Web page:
It’s almost shocking after the success of PAN’S LABYRINTH, but it was announced today that they will close shop on both Warner Independent Pictures and Picturehouse, which puts numerous titles’ release in question – such as the long delayed Amusement, which is almost definitely going direct-to-DVD. Read on for the sad announcement.
Warner Bros. has discovered a way to deal with the specialty film business — it’s staying away from it.
In a move that reflects the massive pressures to cut costs., Warner Bros. has decided to shutter both Picturehouse and Warner Independent Pictures. The closings – which caught Hollywood off guard — will eliminate more than 70 slots.
Announcement came late Thursday morning from Alan Horn, Warner’s president and chief operating officer, who pointed to the recent move to fold in New Line to Warner Bros. More than 500 New Line jobs have been cut as a result.
“With New Line now a key part of Warner Bros., we’re able to handle films across the entire spectrum of genres and budgets without overlapping production, marketing and distribution infrastructures,” he said. “After much painstaking analysis, this was a difficult decision to make, but it reflects the reality of a changing marketplace and our need to prudently run our businesses with increased efficiencies.”
Horn told Daily Variety that the decision – made in conjunction with Warner topper Barry Meyer – was “wrenching” from the standpoint of its impact on pink-slipped employees. But he emphasized that it made no sense for Warner Bros. to continue funding marketing and distribution infrastructures at Picturehouse and WIP – particularly since Warner has expanded its capacity to handle films by absorbing New Line’s marketing-distribution operations.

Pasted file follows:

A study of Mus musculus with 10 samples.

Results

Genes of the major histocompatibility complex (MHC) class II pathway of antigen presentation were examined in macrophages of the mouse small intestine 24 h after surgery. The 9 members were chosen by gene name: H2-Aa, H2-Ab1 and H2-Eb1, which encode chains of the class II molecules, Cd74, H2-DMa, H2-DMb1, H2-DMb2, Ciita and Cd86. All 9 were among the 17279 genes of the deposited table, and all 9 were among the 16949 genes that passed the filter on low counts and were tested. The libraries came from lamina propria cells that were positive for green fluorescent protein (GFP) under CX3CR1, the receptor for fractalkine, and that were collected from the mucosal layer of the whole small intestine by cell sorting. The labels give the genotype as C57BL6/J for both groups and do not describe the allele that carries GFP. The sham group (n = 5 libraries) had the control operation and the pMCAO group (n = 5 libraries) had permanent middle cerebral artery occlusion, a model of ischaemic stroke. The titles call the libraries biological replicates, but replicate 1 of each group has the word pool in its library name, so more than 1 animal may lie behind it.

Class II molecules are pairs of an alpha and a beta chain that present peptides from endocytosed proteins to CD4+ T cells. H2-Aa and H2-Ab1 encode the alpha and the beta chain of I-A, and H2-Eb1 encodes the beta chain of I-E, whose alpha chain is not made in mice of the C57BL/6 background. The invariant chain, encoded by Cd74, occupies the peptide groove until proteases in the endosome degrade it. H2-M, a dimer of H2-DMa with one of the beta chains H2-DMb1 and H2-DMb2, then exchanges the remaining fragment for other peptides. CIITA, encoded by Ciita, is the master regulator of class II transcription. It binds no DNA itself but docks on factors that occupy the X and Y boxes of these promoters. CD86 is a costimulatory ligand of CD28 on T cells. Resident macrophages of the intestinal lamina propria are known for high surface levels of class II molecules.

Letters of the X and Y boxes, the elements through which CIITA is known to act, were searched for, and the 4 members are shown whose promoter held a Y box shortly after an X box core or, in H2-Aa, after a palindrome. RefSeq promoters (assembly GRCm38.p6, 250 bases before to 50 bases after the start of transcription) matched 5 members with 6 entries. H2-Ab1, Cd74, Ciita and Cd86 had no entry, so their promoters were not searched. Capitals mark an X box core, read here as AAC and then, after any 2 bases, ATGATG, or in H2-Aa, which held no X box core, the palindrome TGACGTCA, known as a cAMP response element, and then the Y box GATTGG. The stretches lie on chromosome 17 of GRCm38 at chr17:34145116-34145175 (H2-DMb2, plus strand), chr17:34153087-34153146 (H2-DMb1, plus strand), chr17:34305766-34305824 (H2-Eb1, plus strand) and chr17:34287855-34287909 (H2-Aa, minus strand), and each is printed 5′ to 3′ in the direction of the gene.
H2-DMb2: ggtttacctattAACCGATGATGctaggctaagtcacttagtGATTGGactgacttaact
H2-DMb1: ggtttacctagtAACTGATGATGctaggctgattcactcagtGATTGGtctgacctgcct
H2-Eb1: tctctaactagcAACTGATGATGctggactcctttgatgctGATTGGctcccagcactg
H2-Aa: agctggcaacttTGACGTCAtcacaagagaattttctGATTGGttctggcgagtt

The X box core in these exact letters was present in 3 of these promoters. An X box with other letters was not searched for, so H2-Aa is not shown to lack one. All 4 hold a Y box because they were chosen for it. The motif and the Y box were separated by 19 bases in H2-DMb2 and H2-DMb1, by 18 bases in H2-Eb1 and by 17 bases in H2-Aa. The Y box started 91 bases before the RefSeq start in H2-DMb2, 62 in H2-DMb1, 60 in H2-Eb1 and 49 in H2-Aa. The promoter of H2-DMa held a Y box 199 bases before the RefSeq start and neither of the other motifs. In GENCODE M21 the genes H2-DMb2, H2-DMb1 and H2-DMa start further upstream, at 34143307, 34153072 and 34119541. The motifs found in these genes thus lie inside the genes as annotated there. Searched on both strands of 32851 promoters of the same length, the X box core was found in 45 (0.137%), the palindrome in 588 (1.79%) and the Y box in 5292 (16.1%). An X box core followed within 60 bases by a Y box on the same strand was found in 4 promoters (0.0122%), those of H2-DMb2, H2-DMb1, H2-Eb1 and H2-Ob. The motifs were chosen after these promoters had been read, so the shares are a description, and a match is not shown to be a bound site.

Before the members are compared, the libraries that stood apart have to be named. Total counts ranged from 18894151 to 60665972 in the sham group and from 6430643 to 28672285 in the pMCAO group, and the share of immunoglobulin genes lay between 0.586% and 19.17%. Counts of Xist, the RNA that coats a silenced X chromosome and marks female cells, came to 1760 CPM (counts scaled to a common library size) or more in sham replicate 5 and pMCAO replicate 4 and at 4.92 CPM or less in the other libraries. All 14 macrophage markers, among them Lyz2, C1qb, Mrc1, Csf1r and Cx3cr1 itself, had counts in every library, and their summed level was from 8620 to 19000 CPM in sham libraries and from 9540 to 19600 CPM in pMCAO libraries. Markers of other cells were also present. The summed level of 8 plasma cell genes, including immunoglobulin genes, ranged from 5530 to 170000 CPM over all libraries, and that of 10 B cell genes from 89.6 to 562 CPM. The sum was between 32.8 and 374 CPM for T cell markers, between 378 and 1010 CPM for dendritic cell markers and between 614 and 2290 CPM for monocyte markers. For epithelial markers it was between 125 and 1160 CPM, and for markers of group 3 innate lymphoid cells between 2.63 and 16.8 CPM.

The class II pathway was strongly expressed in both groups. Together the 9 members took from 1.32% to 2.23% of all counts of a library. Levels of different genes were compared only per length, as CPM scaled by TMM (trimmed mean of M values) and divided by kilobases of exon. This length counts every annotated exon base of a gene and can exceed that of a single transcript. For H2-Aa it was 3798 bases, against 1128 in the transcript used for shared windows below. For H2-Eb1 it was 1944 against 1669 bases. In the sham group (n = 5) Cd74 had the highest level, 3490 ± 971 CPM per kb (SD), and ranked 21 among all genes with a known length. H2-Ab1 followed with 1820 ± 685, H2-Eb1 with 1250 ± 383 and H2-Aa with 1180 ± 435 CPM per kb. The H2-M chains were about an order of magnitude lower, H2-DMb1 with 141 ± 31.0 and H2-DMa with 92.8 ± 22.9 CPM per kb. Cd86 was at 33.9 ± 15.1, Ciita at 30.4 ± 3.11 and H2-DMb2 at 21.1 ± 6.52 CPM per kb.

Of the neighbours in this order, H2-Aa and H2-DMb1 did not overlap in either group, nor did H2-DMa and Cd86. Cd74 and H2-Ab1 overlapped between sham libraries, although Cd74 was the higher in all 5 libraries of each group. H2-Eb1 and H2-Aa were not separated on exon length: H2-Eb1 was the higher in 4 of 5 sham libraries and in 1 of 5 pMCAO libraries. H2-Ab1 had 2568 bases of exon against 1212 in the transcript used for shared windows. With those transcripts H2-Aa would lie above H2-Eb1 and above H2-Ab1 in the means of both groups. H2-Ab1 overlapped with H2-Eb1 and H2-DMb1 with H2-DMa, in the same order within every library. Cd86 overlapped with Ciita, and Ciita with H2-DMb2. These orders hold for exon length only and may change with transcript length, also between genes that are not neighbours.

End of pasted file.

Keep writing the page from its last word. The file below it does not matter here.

“We concluded that carrying the Picturehouse and WIP infrastructures wasn’t the most economic usse of our resources,” he added. “We have to capacity to disribute and market anything.”
Horn cited the fact that 600 pics get released annually as having made the specialty biz less attractive financially in recent year. He also said that such pics have becomce more likely to screen at multiplexes rather than art-hosue venues and expresssed confidence in Warner’s distribution side to ensure that smaller films receive the proper handling.
Horn admitted that the announcement’s likely to be interpreted as Warner Bros. getting out of the indie film biz but stressed that it will still acquire and produce specialty pics. He cited the success of such fare as “March of the Penguins,” “Before Sunset,” “We Don’t Live Here Anymore,” “La Vie en Rose” and “Snow Angels” as examples of the kinds of projects that Warner will still look to buy and produce.
“I’m a card-carrying adult and I love these movies,” Horn admitted. “But it’s never been a high-margin business.”
Horn also said it’s more likely that the studio will go the acquisitions route. But he also but noted that Warners’ will still look to set up specialty-style products, citing Warner’s long relationships with such filmmakers as George Clooney, Steven Soderbergh and Clint Eastwood.
“We’re confident that the spirit of independent filmmaking and the opportunity to find and give a voice to new talent will continue to have a presence at Warner Bros.”
Picturehouse, run by president Bob Berney, has 43 employees. WIP, under Polly Cohen, employs 31 staffers. Horn said Cohen will continue to work for Warner Bros. as she’s still under contract and stressed that he’s hopeful that the studio can reach some kind of deal with Berney.
Berney also said Picturehouse will release “Mongol,” “Kit Kittredge” and “The Women” before ceasing operations in September. He and staffers will go to Cannes.
Warner Bros. was the last major to form a specialty label. Under former WIP prexy Mark Gill, it generated some hits, including 2005’s “March of the Penguins.”
Cohen, a former production exec at the studio, succeeded Gill and her acquisitions have included “Introducing the Dwights” and “Snow Angels.” It also produced Tommy Lee Jones vehicle “In the Valley of Elah.”
Berney’s tenure include New Line buying out former partner HBO and investing in two foreign-language films — “La Vie en rose” and “Pan’s Labyrinth” — which nabbed five Oscar awards between them.
Berney told Daily Variety that he first heard about the shuttering late Wednesday and noted that Horn and Meyer stressed that the decision was a matter of philosophy.
“Their decision was not to be in this business,” he added. “It’s not a reflection on me or Picturehouse. It’s not their world.”
Berney has no specific plans for a new job, adding, “A lot of people want to do something — companies, investors. I am confident at the end of the day I will find something but it needs to be a place that fits.